BRUSSELS — The European Union on Wednesday proposed new measures that would allow Poland and other member states bordering Belarus to suspend some protections for asylum seekers, raising concerns that they may undermine the ability of migrants to seek refuge in the bloc.
The proposal from the European Commission, the bloc’s executive arm, would extend the period that Latvia, Lithuania and Poland would be able to detain asylum seekers while their applications are being processed. Aid groups said the rule change would leave applicants in a state of limbo and in increasingly unsafe conditions.
The three countries have taken a hard line against the migrants who have been trying to enter the European Union in recent months, and the bloc has stood with them even as border guards have illegally pushed back migrants or refused to process asylum requests, violating E.U. and international law.
So the proposal announced Wednesday appeared to be another concession to Poland, Latvia and Lithuania, and a likely deterrent for asylum seekers, immigration experts and human rights organizations said.
“The commission seeks to apply fundamental exceptions instead of making sure that current norms and standards are delivered by national governments,” said Sergio Carrera, a senior researcher at the Brussels-based Center for European Policy Research.
The commission said the measures would be temporary and were aimed at addressing the emergency situation in Belarus by giving member states “flexibility” in dealing with asylum claims.
For months, E.U. officials have accused Aleksandr G. Lukashenko, the autocratic leader of Belarus, of orchestrating “hybrid warfare” by loosening Belarusian visa rules for migrants, most of them Iraqis, and later helping them reach the European Union’s eastern border.
Yet thousands remain stranded under freezing temperatures, and at least 12 people have died during the crisis in the forests on the Polish side of the border.
Read More on the Belarus-Poland Border Crisis
Ylva Johansson, the European commissioner for home affairs, on Wednesday acknowledged that the crisis at the E.U. border had receded, raising questions about the necessity of the new measures and how much farther the European Union was willing to go in accepting the tougher lines taken by the countries bordering Belarus.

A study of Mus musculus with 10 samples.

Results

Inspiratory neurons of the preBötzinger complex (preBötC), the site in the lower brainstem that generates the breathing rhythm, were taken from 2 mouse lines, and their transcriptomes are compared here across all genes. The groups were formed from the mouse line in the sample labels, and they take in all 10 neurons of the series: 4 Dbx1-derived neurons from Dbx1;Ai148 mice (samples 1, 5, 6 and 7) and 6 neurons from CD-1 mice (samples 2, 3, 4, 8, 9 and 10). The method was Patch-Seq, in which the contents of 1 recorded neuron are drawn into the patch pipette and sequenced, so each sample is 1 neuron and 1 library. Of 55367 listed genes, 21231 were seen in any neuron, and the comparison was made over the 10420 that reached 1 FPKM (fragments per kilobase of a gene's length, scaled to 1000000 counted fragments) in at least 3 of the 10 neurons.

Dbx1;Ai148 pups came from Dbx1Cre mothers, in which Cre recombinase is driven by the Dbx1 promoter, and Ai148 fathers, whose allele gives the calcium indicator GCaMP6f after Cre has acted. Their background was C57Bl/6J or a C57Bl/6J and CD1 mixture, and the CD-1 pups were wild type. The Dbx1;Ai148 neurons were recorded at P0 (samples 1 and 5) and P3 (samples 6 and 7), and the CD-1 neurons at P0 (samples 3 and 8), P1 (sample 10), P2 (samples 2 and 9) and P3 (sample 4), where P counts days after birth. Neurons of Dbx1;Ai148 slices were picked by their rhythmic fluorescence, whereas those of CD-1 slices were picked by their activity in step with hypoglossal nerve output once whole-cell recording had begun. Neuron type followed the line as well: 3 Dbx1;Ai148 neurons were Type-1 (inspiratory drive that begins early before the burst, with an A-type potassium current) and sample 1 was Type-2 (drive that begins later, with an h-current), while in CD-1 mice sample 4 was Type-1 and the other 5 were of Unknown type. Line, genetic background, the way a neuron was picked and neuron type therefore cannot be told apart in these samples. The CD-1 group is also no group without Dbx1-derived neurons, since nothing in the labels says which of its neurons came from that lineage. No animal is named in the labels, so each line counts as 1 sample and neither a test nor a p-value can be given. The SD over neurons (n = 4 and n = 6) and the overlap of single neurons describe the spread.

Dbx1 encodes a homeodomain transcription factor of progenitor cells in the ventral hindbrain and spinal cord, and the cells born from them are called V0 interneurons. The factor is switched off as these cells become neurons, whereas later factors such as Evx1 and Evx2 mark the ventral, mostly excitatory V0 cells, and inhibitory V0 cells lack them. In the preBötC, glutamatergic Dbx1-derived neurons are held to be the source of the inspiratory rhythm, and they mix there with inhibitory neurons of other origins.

Under the new proposal, Latvia, Lithuania and Poland could extend the registration period for asylum applications to four weeks from three to 10 days currently. The processing time for claims could be extended to four months, after which migrants are either granted asylum or sent back to their home countries.
According to Ms. Johansson, 8,000 migrants who came through Belarus are now in Poland, Lithuania and Latvia, and 10,000 went to Germany via this route.
In the short term, the new proposal would force the three countries to provide shelter, clothes and food to the migrants while their applications are being processed.
But it remained unclear on Wednesday whether they would apply the rule or even process asylum claims. A Polish official said the authorities would study the proposal, but argued that it did not address the situation at the border properly.
Under E.U. and international law, anyone seeking asylum at the borders of the European Union can file an application in a member state. Yet Polish border guards have pushed back migrants, including by force and by using water cannons and tear gas, effectively denying them the rights to lodge asylum applications. Lithuania has also closed its borders to most asylum seekers.
Silvia Carta, a policy analyst focusing on migration at the Brussels-based European Policy Center, said similar measures adopted elsewhere in the past had devastating consequences.
Delaying registration and processing of asylum claims on the Greek islands, for instance, had only resulted in longer detention periods, violation of fundamental rights and additional burdens for both the asylum applicants and the local authorities, she said.
The new measures still have to be approved by the Council of the European Union, the body that brings together the bloc’s 27 ministers. They would then remain in force for six months but could be extended.
In October, Poland passed legislation legalizing pushbacks, which is against European and international law. The European Commission has said it has “many question marks” about the Polish law, but on Wednesday officials declined to comment on the issue.
Camino Mortera-Martínez, a senior research fellow at the Center for European Reform, said the new measures amounted to “rubber-stamping the behavior” of Poland, Latvia and Lithuania. “Especially Poland, which has been breaking all asylum laws possible,” she said.
Grupa Granica, a coalition of nongovernmental organizations working at the border in Poland, said on Wednesday that the crisis had worsened in recent days as colder weather set in.
Thousands of migrants are still stranded on the Belarusian side of the border, according to the Polish authorities, but Grupa Granica said migrants trying to cross were still being pushed back and left without shelter from rain, snow and the cold, without access to food, clean water and medical help.
“They are silently dying in those forests,” said Anna Alboth, a member of the group.